Visit to the Edward Gorey House

July 18, 2012 § 1 Comment

I recently visited the Edward Gorey House, a museum in a small house where he lived dedicated to his life and works.  I had an amazing experience visiting the place.

The house has gray shingles and a big wrap around porch, a little property and a barn, and an unusual magnolia tree (the mystical Gorey magnolia) but otherwise is very commonplace.

Inside is filled with the stuff of his life – mostly odd assortments of junk he collected from yard sales, antique stores and what-not and often displayed in arrangements around his house.  There was a collection of dark, metal jewelry he loved to wear, teapots, carved animals in wood and stone, tiny ceramic figures from tea boxes, a bottle of lye, a bottle of gin, small creatures he hand sewed and stuffed with rice, a giant pile of tickets to operas, plays, and concerts he attended.

Then there were many original artworks on envelopes he sent off in the mail, books he illustrated and some he wrote and illustrated, information and items from his work on Dracula for Broadway, and a pile of slightly unnerving puppets from little shows he put on later in life for small and excited audiences.

I got the sense as I was looking around that what caught his interest in life was anything that perked the ears of his imagination, that hit the right cord to amuse or inspire him.  He obviously didn’t care about money or status, which was alluded to when he gave away his Tony award to a friend, never really mentioned it, and never did any other Broadway after the highly renowned set and costume design he did for Dracula.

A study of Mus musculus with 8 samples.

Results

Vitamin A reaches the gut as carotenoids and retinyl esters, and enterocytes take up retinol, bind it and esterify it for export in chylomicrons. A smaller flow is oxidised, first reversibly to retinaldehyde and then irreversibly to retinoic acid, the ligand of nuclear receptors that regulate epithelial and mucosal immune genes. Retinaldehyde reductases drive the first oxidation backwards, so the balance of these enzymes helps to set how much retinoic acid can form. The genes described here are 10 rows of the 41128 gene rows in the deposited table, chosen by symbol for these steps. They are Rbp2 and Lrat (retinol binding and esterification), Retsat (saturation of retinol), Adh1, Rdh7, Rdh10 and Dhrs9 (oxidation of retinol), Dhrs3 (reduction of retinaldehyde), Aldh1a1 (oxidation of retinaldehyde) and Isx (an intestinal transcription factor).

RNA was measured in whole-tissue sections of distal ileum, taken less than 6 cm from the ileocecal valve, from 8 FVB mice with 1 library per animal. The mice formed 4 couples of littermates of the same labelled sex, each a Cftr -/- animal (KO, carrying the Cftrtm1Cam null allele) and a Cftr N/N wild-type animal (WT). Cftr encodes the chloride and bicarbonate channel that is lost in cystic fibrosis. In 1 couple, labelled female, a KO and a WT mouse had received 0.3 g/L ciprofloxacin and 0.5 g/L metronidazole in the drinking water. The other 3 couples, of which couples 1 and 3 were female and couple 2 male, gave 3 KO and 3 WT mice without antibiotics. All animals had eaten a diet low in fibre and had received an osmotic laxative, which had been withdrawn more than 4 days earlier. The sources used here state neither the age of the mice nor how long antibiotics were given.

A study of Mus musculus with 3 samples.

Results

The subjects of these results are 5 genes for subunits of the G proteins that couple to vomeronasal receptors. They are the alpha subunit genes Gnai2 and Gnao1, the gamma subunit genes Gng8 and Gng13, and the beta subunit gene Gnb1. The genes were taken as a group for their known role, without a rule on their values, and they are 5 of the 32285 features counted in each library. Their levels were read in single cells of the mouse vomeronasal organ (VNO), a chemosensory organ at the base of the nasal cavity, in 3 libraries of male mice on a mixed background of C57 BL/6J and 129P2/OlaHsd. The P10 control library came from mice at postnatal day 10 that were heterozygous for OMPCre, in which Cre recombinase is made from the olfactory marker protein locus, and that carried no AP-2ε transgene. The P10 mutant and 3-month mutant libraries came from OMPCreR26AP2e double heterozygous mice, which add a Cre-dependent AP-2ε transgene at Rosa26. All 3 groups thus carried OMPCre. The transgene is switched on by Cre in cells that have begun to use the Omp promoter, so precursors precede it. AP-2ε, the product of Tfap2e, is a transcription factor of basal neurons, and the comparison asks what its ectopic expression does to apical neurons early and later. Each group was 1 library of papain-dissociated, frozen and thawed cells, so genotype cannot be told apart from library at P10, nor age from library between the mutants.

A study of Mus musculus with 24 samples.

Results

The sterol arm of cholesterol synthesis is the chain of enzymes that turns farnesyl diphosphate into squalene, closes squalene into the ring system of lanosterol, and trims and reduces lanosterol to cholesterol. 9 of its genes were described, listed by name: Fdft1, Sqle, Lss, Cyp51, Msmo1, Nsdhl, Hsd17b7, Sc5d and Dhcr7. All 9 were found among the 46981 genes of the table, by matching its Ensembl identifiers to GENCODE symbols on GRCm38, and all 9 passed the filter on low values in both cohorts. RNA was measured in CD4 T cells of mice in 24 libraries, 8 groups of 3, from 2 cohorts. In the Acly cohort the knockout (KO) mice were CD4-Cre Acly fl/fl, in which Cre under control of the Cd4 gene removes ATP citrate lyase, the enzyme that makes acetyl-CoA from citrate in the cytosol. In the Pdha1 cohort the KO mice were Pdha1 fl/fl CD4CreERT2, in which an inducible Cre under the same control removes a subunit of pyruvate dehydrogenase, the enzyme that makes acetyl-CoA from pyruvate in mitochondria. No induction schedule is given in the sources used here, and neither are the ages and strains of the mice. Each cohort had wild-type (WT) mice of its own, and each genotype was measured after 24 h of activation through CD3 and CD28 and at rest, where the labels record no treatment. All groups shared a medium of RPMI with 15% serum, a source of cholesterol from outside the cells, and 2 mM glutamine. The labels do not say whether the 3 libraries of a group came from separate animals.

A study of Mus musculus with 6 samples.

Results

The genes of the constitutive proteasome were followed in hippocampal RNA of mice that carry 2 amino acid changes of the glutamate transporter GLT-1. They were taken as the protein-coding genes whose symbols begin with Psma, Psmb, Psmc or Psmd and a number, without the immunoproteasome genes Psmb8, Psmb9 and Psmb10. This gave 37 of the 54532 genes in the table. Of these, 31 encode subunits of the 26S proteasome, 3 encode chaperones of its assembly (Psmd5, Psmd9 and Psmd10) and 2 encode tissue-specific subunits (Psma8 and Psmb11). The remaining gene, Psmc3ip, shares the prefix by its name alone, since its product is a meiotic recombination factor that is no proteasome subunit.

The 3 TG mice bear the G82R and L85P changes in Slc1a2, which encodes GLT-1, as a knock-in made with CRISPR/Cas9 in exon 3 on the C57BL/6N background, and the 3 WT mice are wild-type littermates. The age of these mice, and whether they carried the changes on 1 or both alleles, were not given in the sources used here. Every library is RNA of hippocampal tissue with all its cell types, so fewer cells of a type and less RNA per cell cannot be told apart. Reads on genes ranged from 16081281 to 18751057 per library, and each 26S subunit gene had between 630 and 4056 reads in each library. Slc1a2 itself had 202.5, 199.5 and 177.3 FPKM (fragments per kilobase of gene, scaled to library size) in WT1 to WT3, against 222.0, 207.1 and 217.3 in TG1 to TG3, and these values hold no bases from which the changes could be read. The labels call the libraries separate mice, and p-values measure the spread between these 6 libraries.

And I think that’s because his authentic sensibilities occupied that space — an idiosyncratic mix of childlike, playful, morbid, gothic, detailed, lush, sparse, and a little bit of everything it seems.  I felt like his work was so unique and brilliant simply because he stayed in his creative mind and worked with intense, obsessive passion not for status but to make the thing, the exact thing his imagination wanted.

Even the information they passed on about the end of his life seemed sad, but not tragic – not empty in any way.  It felt mystical and meaningful.  The museum said the Gorey magnolia produced a bloom out of the usual season in time to ornament the wreath on which his friends sent his ashes out to sea.  There were pictures and dates… but regardless, I believe them.

I felt like I got a little snapshot into someone who lived a truly creative life.  And I left feeling happy for him and excited for myself and my close people.